The Greensboro City Council, at its Tuesday, Sept. 24 meeting, is scheduled – not for the first time – to fix the legal, procedural and financial mess the Greensboro Transit Authority (GTA) board has made of its main job – to hire, every three years, a company to run the Greensboro bus system.
Transdev Services Inc. now has the contract to run the bus system. The company’s last contract with the city ended June 30, 2017. The City Council, on June 20, 2017, voted to grant Transdev a $9 million six-month extension of the contract.
In December 2017, the City Council rescinded its June vote after a GTA board member reported that a member of the committee that recommended Transdev to the board was married to an employee of Transdev.
Federal regulations prohibit members of contract review boards from having such conflicts of interest.
The Dec. 19 City Council vote granted Transdev a one-year extension worth $18 million and announced a new request for proposals (RFP) for the three-year contract, now proposed to begin Jan. 1, 2019.
After the new RFPs, the GTA board, in an irregular and uninformed process, on August 2 recommended granting the contract to Keolis Transit Services LLC.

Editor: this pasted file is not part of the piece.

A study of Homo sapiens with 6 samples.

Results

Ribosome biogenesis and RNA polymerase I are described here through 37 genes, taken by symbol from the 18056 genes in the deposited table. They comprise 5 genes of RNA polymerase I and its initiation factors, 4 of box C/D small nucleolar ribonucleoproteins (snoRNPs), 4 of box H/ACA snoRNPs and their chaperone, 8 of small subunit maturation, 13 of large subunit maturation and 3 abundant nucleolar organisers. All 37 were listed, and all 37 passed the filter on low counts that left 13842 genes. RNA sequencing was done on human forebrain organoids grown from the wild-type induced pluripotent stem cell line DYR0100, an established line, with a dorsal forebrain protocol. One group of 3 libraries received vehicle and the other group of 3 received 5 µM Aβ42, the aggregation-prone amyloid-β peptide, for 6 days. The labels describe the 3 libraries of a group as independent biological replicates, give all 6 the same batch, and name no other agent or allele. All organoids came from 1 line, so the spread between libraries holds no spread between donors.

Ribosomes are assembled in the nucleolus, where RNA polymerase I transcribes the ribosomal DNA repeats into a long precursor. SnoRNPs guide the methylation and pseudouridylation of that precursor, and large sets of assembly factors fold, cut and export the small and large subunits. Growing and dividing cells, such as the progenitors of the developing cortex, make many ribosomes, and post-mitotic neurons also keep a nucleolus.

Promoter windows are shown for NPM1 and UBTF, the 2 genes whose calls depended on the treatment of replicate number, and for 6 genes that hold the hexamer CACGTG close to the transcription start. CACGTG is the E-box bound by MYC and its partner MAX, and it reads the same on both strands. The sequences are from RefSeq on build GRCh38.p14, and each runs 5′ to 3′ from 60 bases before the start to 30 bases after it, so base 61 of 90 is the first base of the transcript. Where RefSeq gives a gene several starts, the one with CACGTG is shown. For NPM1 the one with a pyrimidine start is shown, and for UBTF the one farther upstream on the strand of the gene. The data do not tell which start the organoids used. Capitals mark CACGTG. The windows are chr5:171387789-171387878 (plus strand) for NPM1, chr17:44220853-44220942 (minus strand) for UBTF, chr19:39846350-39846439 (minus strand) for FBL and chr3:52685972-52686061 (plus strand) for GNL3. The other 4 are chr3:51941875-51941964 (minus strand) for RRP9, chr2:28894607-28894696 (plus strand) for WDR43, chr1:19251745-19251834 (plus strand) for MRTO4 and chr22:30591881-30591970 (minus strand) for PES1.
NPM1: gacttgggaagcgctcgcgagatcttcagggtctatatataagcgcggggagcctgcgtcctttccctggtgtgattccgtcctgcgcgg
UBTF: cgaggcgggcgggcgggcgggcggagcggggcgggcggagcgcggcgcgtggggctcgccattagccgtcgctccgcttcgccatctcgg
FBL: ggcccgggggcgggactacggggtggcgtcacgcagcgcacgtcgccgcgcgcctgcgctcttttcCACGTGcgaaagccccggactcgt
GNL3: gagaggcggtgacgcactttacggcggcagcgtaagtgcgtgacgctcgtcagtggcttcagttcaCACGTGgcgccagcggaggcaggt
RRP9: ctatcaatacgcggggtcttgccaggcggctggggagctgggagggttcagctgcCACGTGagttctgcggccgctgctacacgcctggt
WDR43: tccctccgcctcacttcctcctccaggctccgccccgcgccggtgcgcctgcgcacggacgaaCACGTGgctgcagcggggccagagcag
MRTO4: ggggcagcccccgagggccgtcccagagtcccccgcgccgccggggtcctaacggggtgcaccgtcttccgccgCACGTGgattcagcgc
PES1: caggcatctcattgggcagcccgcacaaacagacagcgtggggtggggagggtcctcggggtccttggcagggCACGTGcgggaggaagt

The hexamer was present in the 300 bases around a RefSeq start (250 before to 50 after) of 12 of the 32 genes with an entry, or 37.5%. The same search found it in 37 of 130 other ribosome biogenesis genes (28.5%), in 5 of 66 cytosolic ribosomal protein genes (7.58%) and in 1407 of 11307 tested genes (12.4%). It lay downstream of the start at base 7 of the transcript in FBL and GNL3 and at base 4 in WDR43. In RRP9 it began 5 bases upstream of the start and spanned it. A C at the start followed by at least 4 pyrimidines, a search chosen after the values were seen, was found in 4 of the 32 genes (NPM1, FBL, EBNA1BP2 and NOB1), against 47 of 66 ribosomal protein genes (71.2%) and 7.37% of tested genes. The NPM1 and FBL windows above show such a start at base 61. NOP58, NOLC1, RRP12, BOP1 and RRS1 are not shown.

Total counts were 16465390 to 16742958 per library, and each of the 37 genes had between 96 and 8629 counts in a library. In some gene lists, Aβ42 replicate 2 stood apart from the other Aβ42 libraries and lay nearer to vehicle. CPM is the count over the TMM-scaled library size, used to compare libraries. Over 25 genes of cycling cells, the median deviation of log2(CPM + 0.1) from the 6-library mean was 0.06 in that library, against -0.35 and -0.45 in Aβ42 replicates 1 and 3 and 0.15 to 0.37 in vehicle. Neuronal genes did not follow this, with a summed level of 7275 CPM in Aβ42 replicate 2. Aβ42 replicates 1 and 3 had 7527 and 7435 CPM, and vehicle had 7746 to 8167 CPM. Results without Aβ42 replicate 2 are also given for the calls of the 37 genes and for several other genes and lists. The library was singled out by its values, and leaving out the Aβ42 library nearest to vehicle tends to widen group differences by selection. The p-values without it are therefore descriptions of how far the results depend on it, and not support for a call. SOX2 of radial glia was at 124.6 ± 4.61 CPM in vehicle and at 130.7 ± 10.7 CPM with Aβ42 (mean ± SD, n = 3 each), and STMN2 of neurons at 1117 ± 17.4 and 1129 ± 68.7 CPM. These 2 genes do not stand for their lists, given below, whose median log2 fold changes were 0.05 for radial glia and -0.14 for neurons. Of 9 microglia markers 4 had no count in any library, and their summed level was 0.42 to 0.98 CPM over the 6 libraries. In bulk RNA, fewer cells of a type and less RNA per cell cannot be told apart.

The resolution on the City Council’s agenda for Tuesday is to grant the three-year contract to Keolis.
Earlier in Tuesday’s meeting, however, the City Council will have to hold a hearing on an appeal by Transdev of the GTA bidding process.
Transdev on August 9, 2018, in a letter from attorney Nathan Duggins of the law firm Tuggle Duggins, challenged the GTA board’s recommendation of Keolis, calling it “arbitrary, capricious, wrongful and unreasonable” – the statutory requirement for such a protest.
In the letter Duggins accuses the GTA board of holding two illegal closed meetings during the process – one on March 27, 2018, when the GTA Board asked Transdev members to leave the room without voting to go into closed session, and one on June 26, 2018, when the board discussed the makeup of the recommendation committee.
City Councilmember Sharon Hightower, the City Council liaison to the GTA board, has grilled the board on the expense of the bidding process and the legal challenge, in addition to the contract extensions.
“That was concerning to me as well, but I wanted to know what additional costs we were expending,” Hightower said on Monday. “I wanted to know how much it cost to drag this out. I never did get an answer.”
The contested contract is not the GTA board’s first.
In 2014, the City Council voted to extend the city’s contract with Veolia Transportation Service to run the bus system, after first denying a protest by First Transit Inc.